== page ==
WASHINGTON — Reserve and National Guard units that leave equipment behind in Iraq and Afghanistan will have to wait more than a year before they get replacement gear, according to the civilian chief of the Reserve components.
Cash to buy the gear is earmarked in the Pentagon’s budget request for next year, as well as the supplemental request for this year’s war spending, Tom Hall, assistant Defense Secretary for Reserve Affairs, told a gathering of reporters Thursday in Washington.
Both requests are now being debated in Congress.
If approved, that money will allow unit commanders “to start resetting … the equipment left behind,” said Hall.
But even if both requests are approved in short order, it will take 12 to 18 months before the new gear shows up, said Hall. And even then, he added, “there are questions about whether that will be enough.”
Most Guard and Reserve units serving in Iraq and Afghanistan have been handing off everything from trucks and Humvees to tanks and Bradley Fighting Vehicles to follow-on forces.
Hall said the equipment gap between when units return from the war zones and are able to begin training again back in their home station is fueling readiness concerns.
“If you leave your equipment in Iraq,” said Hall, that means, “you don’t have equipment … to train on.”
Asked about the issue during testimony on Capitol Hill, Joint Chiefs Chairman Gen. Richard Myers noted the same problem.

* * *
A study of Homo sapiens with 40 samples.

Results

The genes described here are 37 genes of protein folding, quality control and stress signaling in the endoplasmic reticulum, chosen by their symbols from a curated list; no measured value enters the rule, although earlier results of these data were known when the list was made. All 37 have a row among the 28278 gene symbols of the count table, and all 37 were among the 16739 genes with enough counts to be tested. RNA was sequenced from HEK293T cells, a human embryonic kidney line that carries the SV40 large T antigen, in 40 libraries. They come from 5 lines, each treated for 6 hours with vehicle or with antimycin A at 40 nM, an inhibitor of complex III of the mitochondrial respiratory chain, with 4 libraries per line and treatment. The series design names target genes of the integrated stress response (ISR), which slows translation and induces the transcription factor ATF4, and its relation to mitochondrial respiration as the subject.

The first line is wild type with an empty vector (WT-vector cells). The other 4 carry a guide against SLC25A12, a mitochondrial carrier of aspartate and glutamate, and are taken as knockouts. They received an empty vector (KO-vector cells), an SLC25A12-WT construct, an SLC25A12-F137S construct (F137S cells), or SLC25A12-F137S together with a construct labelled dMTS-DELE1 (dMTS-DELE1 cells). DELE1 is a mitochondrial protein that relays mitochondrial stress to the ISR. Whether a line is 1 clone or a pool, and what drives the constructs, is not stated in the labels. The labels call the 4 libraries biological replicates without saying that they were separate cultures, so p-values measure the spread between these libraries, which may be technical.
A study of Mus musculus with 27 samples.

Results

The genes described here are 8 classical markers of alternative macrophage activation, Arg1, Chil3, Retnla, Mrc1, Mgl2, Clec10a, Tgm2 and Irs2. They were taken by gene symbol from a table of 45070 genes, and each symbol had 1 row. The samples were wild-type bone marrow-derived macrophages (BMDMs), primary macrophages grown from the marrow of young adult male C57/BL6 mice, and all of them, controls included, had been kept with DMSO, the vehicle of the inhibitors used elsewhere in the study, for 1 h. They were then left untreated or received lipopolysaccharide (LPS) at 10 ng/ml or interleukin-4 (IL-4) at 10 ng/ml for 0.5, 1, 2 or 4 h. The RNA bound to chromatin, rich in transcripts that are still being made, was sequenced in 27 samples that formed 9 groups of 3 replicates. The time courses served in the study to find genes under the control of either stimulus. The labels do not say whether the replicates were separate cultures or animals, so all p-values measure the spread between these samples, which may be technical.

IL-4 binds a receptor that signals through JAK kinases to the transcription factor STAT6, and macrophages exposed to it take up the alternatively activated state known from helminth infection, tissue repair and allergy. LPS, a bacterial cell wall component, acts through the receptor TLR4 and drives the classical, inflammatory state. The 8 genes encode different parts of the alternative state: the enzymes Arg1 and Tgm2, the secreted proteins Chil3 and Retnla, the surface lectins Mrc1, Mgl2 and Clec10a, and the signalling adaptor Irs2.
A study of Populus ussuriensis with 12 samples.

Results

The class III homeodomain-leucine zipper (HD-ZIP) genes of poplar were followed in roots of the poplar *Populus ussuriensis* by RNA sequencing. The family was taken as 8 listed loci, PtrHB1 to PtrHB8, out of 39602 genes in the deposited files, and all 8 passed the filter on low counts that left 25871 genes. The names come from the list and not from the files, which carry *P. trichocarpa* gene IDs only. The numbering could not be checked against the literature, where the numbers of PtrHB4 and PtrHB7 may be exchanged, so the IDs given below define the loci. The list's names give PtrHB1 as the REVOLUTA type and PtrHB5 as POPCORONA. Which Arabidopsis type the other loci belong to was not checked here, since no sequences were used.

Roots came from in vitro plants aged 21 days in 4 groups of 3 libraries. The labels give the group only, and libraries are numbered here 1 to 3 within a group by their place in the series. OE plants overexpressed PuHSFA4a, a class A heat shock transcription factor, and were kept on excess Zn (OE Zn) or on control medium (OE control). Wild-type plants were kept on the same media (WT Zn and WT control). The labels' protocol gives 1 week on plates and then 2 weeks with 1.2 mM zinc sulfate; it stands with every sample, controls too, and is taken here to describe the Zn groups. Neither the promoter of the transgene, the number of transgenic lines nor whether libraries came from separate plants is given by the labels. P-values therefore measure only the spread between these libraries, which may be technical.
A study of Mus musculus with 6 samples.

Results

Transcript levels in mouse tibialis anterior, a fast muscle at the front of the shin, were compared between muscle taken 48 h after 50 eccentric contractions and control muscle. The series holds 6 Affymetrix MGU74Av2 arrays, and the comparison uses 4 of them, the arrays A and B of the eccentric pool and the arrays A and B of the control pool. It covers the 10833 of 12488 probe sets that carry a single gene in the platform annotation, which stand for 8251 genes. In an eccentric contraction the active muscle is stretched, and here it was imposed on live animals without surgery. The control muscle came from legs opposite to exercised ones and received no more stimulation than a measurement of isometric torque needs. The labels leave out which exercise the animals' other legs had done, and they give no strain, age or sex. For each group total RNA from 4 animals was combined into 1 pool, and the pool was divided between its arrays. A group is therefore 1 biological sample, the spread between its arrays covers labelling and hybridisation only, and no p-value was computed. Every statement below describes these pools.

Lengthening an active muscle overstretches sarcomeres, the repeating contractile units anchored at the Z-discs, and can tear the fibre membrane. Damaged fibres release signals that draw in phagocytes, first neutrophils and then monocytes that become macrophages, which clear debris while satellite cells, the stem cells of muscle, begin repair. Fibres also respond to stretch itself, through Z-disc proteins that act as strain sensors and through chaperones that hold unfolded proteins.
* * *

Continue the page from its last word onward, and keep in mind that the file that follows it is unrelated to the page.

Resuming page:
“There will be a lag time where units are below the desired levels of readiness,” said Myers.
“It also impacts the training of units going forward,” added Myers, explaining that in many cases units now downrange had to cobble together equipment from other units now facing their own deployments.
Also, he said, the equipment shuffle complicates Pentagon promises that troops “will train with the equipment they’re going to use in country.”
Meanwhile, said Hall, the majority of the Reserve components are struggling with recruiting efforts.
“The ground truth on where we stand right now, in first four months of the fiscal year, is that only the Marine Corps Reserve has met its recruiting goals,” said Hall.
Hall said he expects the Army Guard and Reserve in particular “will continue to have a challenging year.”
The Army National Guard is currently at 95 percent of its authorized strength and the Army Reserve has dipped to 97 percent.
When asked about Reserve recruiting, Myers told Congressional leaders Thursday that he was keeping a careful eye on the trends.
“While we ought to be concerned about this, it’s not a time to panic at this point,” Myers told senators. “We’re going to watch this very closely because the last thing we want to end up with is a hollow force.”
To help turn the tide, said Hall, the services have surged an additional 2,300 Guard and Reserve recruiters into communities.
Hall said he’s also backing efforts to offer new enlistment bonuses for as much as $15,000.
“If we can go from $2,400 to $15,000 I think that could make a bit of difference,” said Hall.